August 26, 2010 Comments (0) Blog, Securities Fraud

Maine Securities Laws

(Last Updated On: July 17, 2015)

Each state has its own securities laws. The following are selected sections of the Maine securities laws that are generally applicable in FINRA arbitrations.

SECTION 8. Dishonest and unethical practices

Broker-dealers and agents shall observe high standards of commercial honor and just and equitable principles of trade in the conduct of their business and shall give particular consideration to any conflicts of interest that may arise or exist. The practices listed below are examples of practices that may be considered contrary to such standards and may thus constitute grounds for discipline under Section 16412 of the Act.

This section is not intended to be all inclusive, and thus practices not enumerated herein may also be deemed dishonest or unethical. This section is also not intended to limit or define fraudulent and other prohibited practices under Subchapter 5 of the Act or to preclude application of the general anti-fraud provisions contained therein against any person for practices similar in kind to those listed below.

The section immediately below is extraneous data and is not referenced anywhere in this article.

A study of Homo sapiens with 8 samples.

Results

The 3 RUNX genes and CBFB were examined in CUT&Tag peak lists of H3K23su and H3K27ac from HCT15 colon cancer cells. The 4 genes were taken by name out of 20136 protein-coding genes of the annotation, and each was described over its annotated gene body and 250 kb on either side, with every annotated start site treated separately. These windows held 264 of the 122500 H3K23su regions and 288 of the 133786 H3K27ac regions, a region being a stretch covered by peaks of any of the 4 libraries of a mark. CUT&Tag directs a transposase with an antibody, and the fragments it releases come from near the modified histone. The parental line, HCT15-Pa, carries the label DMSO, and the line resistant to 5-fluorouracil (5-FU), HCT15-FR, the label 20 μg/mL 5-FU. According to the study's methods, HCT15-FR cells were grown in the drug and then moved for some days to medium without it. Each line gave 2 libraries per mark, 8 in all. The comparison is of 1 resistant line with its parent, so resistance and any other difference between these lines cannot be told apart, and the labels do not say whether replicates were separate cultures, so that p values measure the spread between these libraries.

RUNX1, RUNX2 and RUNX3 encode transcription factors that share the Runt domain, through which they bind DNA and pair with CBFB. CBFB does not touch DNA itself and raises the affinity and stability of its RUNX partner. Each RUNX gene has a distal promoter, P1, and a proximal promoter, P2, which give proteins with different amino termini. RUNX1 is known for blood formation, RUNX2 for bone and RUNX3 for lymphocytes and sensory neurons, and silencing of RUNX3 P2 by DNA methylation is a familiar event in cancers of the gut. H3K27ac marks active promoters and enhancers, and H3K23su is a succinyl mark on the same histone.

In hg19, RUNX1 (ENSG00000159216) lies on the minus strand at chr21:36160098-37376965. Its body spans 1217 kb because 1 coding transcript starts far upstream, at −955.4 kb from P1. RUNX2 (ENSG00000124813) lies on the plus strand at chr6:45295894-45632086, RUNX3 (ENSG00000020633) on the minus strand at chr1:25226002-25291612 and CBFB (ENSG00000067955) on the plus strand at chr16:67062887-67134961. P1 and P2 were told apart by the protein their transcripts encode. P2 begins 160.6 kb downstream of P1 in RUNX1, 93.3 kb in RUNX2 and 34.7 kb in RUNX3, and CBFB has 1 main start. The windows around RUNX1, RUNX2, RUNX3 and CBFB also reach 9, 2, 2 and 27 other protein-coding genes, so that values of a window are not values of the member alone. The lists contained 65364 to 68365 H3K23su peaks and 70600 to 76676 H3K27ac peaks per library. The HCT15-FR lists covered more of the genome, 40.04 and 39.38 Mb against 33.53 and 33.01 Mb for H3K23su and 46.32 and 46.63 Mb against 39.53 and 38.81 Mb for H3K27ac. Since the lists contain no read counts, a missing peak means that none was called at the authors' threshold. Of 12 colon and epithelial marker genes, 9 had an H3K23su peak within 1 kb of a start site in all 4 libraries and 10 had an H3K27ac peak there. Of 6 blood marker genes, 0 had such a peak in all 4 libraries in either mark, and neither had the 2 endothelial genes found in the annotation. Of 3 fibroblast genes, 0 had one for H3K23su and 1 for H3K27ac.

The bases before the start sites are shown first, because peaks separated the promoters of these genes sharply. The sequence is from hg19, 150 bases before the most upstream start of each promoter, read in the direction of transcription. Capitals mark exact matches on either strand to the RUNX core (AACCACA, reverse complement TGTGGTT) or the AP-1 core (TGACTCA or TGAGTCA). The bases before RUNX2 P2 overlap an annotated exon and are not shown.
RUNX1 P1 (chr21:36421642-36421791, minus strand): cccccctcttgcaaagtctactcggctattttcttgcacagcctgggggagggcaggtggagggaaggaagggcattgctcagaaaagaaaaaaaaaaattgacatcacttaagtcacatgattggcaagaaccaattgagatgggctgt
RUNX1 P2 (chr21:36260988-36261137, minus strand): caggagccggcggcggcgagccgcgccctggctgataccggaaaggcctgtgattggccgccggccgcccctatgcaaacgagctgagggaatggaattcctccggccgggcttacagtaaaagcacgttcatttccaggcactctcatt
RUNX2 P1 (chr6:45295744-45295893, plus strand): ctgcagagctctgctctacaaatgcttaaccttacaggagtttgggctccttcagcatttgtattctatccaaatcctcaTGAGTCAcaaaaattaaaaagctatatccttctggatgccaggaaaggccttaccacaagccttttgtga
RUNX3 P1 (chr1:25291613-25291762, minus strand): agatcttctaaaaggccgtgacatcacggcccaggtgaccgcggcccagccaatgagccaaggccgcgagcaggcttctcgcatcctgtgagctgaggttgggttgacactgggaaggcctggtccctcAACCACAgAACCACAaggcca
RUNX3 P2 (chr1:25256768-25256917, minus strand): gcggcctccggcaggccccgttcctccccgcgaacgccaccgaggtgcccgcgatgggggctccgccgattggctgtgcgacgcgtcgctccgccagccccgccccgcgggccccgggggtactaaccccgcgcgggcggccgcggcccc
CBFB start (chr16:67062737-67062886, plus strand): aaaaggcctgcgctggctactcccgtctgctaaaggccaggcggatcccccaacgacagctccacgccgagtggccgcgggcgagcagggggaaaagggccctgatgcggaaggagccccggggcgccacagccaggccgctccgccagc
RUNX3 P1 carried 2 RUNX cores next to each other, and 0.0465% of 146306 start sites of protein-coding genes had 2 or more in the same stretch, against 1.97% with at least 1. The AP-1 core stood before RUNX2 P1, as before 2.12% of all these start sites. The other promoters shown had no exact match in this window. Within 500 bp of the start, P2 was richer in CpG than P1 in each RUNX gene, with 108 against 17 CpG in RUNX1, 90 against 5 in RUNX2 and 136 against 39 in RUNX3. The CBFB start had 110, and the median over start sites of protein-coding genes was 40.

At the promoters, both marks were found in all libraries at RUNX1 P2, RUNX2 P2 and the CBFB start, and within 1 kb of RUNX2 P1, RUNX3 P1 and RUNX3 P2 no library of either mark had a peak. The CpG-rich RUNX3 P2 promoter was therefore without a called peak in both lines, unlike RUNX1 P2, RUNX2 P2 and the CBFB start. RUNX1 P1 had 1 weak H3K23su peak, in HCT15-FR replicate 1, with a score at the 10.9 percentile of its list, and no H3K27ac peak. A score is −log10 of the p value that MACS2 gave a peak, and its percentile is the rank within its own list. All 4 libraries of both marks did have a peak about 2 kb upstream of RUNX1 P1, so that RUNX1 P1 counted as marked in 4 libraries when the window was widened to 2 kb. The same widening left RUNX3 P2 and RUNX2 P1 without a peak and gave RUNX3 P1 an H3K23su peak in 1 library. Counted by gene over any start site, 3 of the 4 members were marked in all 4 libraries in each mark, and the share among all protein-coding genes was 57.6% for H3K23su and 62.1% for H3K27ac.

For purposes of this section, the delivery of a prospectus, in and of itself, shall not be dispositive that the broker-dealer or agent provided the customer full and fair disclosure.

A person may be deemed to have engaged in “dishonest or unethical practices” under Section 16412(4)(M) of the Act if the person has engaged in practices including but not limited to one or more of the following:

1. Engaging in any unreasonable or unjustifiable delay or failure in executing orders, liquidating customer accounts, making delivery of securities purchased, or in paying upon request free credit balances reflecting completed transactions of any customer;

2. Switching or churning of securities in a customer’s account or inducing trading in a customer’s account which is excessive in size or frequency in view of the financial situation and needs of the customer and the character of the account;

3. Recommending to a customer the purchase, sale or exchange of any security without reasonable grounds to believe that such transaction or recommendation is suitable for the customer based upon reasonable inquiry concerning the customer’s other securities holdings, investment objectives, financial situation and needs, and any other relevant information known by the person;

If you have questions about a state securities law, The White Law Group may be able to help. The White Law Group, LLC is a national securities fraud, securities arbitration, investor protection, and securities regulation/compliance law firm with offices in Chicago, Illinois and Boca Raton, Florida. With over 30 years of securities law experience, including experience working at FINRA (f/k/a the NASD) and the SEC, The White Law Group has the expertise to help investors defrauded in securities, investment and financial business transactions.

For more information on The White Law Group, please visit our website at http://www.whitesecuritieslaw.com.